Research output: Contribution to journalArticle

Oliver C. Burdall, Erika Makin, Mark Davenport, Niyi Ade-Ajayi

Original languageEnglish
JournalJournal of Pediatric Surgery
Early online date23 Mar 2016
Accepted/In press7 Feb 2016
E-pub ahead of print23 Mar 2016


  • 1-s2 0-S0022346816002098-main

    1_s2_0_S0022346816002098_main.pdf, 249 KB, application/pdf

    Uploaded date:30 Mar 2016

    Version:Accepted author manuscript

    Licence:CC BY-NC-ND

King's Authors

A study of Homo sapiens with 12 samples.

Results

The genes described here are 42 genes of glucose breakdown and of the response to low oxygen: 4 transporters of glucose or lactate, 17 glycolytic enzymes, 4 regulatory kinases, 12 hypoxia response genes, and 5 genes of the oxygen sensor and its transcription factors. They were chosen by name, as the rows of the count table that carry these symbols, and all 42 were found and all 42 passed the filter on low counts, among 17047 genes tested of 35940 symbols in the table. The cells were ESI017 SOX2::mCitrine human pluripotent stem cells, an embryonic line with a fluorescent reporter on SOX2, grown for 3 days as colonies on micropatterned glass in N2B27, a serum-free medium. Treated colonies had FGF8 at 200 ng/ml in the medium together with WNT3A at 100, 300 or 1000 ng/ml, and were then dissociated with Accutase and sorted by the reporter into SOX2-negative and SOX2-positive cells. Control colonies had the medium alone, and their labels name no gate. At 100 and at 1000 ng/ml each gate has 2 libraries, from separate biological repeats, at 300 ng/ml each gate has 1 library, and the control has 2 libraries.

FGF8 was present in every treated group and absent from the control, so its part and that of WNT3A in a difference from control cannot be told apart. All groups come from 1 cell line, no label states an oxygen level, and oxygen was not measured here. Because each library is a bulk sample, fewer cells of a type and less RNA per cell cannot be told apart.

Aims of the Study Laparoscopic simulation has transformed skills acquisition for many procedures. However, realistic non-biological simulators for complex reconstructive surgery are rare. Life-like tactile feedback is particularly difficult to reproduce. Technological innovations may contribute novel solutions to these shortages. We describe a hybrid model, harnessing 3D technology to simulate laparoscopic choledochal surgery for the first time. Methods Digital hepatic anatomy images and standard laparoscopic trainer dimensions were employed to create an entry level laparoscopic choledochal surgery model. The information was fed into a 3D systems project 660pro with visijet pxl core powder to create a free standing liver mould. This included a cuboid portal in which to slot disposable hybrid components representing hepatic and pancreatic ducts and choledochal cyst. The mould was used to create soft silicone replicas with T28 resin and T5 fast catalyst. The model was assessed at a national pediatric surgery training day. Results The 10 delegates that trialed the simulation felt that the tactile likeness was good (5.6/10 +/- 1.71, 10 = like the real thing), was not too complex (6.2/10 +/- 1.35; where 1 = too simple, 10 = too complicated), and generally very useful (7.36/10 +/- 1.57, 10 = invaluable). 100% stated that they felt they could reproduce this in their own centres, and 100% would recommend this simulation to colleagues. Conclusion Though this first phase choledochal cyst excision simulation requires further development, 3D printing provides a useful means of creating specific and detailed simulations for rare and complex operations with huge potential for development.